Moreover, is it appropriate for a coalition that was created expressly for promoting Israel’s defense – at a time when the press and campus radicals were undermining it with disinformation and out-of-context stories – to pay to bring in speakers who echo the same distortions the group was founded to oppose?
It is all well and good for Klein’s critics to say the right shouldn’t be allowed to decide who is pro-Israel enough to speak. But where are supporters of Israel, no matter where they stand on the political spectrum, prepared to draw the line? If groups that are partners in this coalition, like the Anti-Defamation League and the American Jewish Committee, are okay with being effectively made co-sponsors of presentations that defame Israel, how can they complain when others do the same thing?
And if they agree there is a campaign to delegitimize Zionism that has seemingly won over mainstream opinion in Western Europe and established a foothold in this country principally on college campuses, how can they be unwilling to take a stand against those who question the Jewish state’s right of self-defense, even if they are Israelis?
This is not a question of it being okay to say something in Tel Aviv, but not okay to say it at a place like the University of Pennsylvania. Rather, it’s matter of those who purport to represent the community being willing to say their purpose is to bring the truth about the war against Israel, and not to sponsor those – however sincere they might be – who fan the flames of anti-Zionist propaganda.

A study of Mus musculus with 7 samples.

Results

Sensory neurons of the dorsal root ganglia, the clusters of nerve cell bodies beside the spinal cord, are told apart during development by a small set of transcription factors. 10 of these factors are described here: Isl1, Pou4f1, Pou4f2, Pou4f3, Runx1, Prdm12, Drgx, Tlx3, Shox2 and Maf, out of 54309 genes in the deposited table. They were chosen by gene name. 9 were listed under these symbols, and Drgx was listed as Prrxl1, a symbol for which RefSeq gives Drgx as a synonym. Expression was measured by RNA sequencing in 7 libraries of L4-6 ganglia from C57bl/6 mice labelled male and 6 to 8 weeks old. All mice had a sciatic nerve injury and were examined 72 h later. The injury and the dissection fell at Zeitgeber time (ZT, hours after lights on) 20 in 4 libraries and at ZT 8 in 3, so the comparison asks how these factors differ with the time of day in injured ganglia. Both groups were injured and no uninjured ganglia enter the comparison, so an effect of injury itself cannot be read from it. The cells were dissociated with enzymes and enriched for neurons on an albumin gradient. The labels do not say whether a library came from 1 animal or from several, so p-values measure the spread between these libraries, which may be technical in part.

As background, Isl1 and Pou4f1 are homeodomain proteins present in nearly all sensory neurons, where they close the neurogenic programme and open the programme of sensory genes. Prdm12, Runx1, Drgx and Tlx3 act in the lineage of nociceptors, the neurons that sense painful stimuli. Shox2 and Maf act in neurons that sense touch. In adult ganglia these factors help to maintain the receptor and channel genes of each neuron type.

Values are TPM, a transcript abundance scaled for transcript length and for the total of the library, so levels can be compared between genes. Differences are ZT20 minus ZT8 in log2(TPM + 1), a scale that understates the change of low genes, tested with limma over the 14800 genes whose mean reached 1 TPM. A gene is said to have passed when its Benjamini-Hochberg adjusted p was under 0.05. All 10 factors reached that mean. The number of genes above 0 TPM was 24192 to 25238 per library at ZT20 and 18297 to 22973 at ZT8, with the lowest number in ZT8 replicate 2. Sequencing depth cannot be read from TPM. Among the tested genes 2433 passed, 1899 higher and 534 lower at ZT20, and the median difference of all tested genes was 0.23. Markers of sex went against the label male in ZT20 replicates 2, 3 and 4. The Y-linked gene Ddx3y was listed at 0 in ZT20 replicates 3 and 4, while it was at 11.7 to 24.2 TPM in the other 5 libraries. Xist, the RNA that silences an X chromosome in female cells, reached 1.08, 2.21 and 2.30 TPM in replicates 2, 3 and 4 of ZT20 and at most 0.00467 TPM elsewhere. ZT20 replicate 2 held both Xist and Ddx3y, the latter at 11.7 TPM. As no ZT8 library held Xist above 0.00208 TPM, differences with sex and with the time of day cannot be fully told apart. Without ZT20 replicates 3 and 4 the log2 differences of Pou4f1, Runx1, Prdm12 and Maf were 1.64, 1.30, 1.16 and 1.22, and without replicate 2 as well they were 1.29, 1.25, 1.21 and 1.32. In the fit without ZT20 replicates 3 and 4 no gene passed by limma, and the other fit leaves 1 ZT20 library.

Perhaps things would have gone differently if a group or a leader less controversial than ZOA and the pugnacious Klein were to voice these concerns. But that is the fault of the other groups, not Klein. The questions he raised deserve more of an answer than he received.
These days, Israel-bashing in academia requires no courage, even if it’s done by Jews who say they love Israel. What takes guts is to walk onto a campus and say that Israel is in the right.
Rather than acquiescing to a frame of reference that sees Jewish rights as inherently illegitimate and Israeli self-defense as morally indistinguishable from terrorism, what a group like the Israel Campus Coalition ought to be doing is finding the courage to challenge this notion altogether.
And if it can’t agree to do that, then, frankly, who needs it?
About the Author: Jonathan S. Tobin is senior online editor of Commentary magazine and chief political blogger at www.commentarymagazine.com, where this first appeared. He can be reached via e-mail at email@example.com.